Crime against property means a crime that destroys or deprives an owner of property against the owner’s will. These crimes are considered less serious than violent crimes, or crimes against persons, because they do not involve force or threat of force against a victim. Property crime is a category of crime that includes burglary, larceny, motor vehicle theft, shoplifting, and vandalism. Theft of small, valuable items like cash, electronics, power tools, cell phones, and jewelry are probably the most common type of property crime. Additionally, crimes that destroy or deface property like arson and vandalism are also considered crimes against property.
California theft crimes are defined by the amount of loss and the manner in which the item of value is taken. Though some theft crimes are misdemeanors, the majority are considered serious enough to be charged as felonies.
Grand theft under California Penal Code Section 487(a) is defined as the illegal or unlawful taking of another person’s property which is valued in excess of $950. This crime can be charged as either a felony or a misdemeanor. Typically, the prosecutor will use certain factors to determine whether to file as a misdemeanor or a felony. These factors include criminal history, the value of the item taken, whether a weapon was used, and the degree of criminality necessary to commit the offense. Accordingly, the more serious the crime, the more likely the crime will be charged as a felony.
As food production is a major part of California’s economy and is given special protection, the threshold for felony grand theft of farm crops and seafood is much lower than nonfood items. Whereas most stolen nonfood items must be valued at more than $950 to trigger felony grand theft charges, the threshold for certain stolen foodstuffs is just $250. Convictions in San Diego County have resulted in jail sentences of up to three years.
If an item taken is valued at $950 or less, then the crime is considered a California Petty Theft in violation of Penal Code Section 484. This crime is a misdemeanor. Shoplifting often falls into this category.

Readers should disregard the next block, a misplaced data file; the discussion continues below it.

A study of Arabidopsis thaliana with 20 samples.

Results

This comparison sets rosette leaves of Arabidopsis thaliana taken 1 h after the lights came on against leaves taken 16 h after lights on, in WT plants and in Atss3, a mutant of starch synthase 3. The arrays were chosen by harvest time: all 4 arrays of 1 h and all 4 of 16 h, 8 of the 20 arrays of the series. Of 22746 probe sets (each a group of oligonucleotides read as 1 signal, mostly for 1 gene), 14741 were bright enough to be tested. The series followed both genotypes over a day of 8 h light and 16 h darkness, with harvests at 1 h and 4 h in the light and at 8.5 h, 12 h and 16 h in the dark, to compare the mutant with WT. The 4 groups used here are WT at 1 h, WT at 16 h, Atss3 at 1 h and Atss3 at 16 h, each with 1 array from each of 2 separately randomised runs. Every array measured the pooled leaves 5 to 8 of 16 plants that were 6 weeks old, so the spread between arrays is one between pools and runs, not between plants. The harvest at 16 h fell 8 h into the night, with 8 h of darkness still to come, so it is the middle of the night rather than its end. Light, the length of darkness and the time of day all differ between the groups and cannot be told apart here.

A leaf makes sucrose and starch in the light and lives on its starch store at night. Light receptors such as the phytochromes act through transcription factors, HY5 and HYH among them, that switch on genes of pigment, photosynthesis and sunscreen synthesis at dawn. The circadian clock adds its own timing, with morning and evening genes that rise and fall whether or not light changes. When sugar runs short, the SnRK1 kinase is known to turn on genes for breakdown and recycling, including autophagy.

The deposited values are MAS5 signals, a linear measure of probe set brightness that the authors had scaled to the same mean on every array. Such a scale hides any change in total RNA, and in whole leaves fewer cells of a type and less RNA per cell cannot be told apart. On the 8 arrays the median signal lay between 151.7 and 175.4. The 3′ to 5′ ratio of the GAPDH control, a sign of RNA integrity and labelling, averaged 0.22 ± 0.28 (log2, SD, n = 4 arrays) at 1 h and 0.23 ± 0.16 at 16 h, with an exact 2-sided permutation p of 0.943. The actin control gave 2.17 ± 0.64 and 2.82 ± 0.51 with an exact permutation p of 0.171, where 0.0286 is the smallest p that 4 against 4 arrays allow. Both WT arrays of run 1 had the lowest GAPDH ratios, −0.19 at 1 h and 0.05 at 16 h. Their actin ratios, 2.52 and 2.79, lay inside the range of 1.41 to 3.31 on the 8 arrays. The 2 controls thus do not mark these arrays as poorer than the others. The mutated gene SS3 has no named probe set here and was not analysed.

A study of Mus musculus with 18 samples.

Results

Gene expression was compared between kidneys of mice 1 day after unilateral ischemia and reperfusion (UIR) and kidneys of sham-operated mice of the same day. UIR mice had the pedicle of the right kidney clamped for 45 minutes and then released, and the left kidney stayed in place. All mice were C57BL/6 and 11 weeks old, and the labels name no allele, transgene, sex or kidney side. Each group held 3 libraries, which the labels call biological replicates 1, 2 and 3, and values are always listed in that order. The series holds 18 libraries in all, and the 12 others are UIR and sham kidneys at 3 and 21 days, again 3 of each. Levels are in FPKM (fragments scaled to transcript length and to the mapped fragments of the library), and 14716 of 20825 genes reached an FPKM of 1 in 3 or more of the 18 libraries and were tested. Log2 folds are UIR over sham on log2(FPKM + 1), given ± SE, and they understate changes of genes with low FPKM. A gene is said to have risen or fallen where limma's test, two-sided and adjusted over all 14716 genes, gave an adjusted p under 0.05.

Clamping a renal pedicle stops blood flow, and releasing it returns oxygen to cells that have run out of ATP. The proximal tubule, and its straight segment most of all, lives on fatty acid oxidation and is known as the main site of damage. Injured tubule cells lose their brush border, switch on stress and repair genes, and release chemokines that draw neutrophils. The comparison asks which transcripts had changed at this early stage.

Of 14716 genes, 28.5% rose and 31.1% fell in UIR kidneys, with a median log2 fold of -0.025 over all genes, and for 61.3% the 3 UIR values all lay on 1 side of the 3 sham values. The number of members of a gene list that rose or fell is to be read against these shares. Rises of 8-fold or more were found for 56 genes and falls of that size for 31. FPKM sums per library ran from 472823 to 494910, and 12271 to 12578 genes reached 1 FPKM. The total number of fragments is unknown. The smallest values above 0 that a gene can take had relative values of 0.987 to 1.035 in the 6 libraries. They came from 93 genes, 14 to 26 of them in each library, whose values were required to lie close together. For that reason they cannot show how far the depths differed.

Stealing a car that you intend to keep and thus deprive the owner of their vehicle, may result in a charge under Penal Code 487(d)(1), Grand Theft Auto. As this crime can only be committed through force, deception or false pretenses, there is no such thing as petty theft auto. Theft of a car it is automatically considered grand theft auto, no matter the value of the car.
Burglary is a much more serious offense than theft because it is committed on property where the burglar has no legal right to be, making it a particularly personal crime. Burglary requires only unlawful entry with a victim present at the time and the intention to commit a crime. It does not require the offender to make off with stolen property or even to harm a victim. Under California Penal Code 459, you can be found guilty of burglary in California for entering a residence, vehicle, vessel, or any structure with the intention of either stealing property or committing a felony.
Arson is defined under California Penal Code section 451. Under this statue, it is illegal not only to commit arson but also to help, assist or aid another in an act of arson. Arson is the act of intentionally and maliciously setting fire to property, land, business or a residential dwelling. Setting fire to your own property is also illegal. “Reckless burning” of personal property under California Penal Code 452 is usually a misdemeanor, but may be charged as a felony if you burn a structure or forest land, cause great bodily injury, or when there is the intent to commit insurance fraud.
Engaging with an experienced and effective criminal defense attorney can have a significant impact on the outcome of your case. If you have been charged with a property crime and need aggressive criminal defense representation, contact Sevens Legal, APC, today for a free consultation.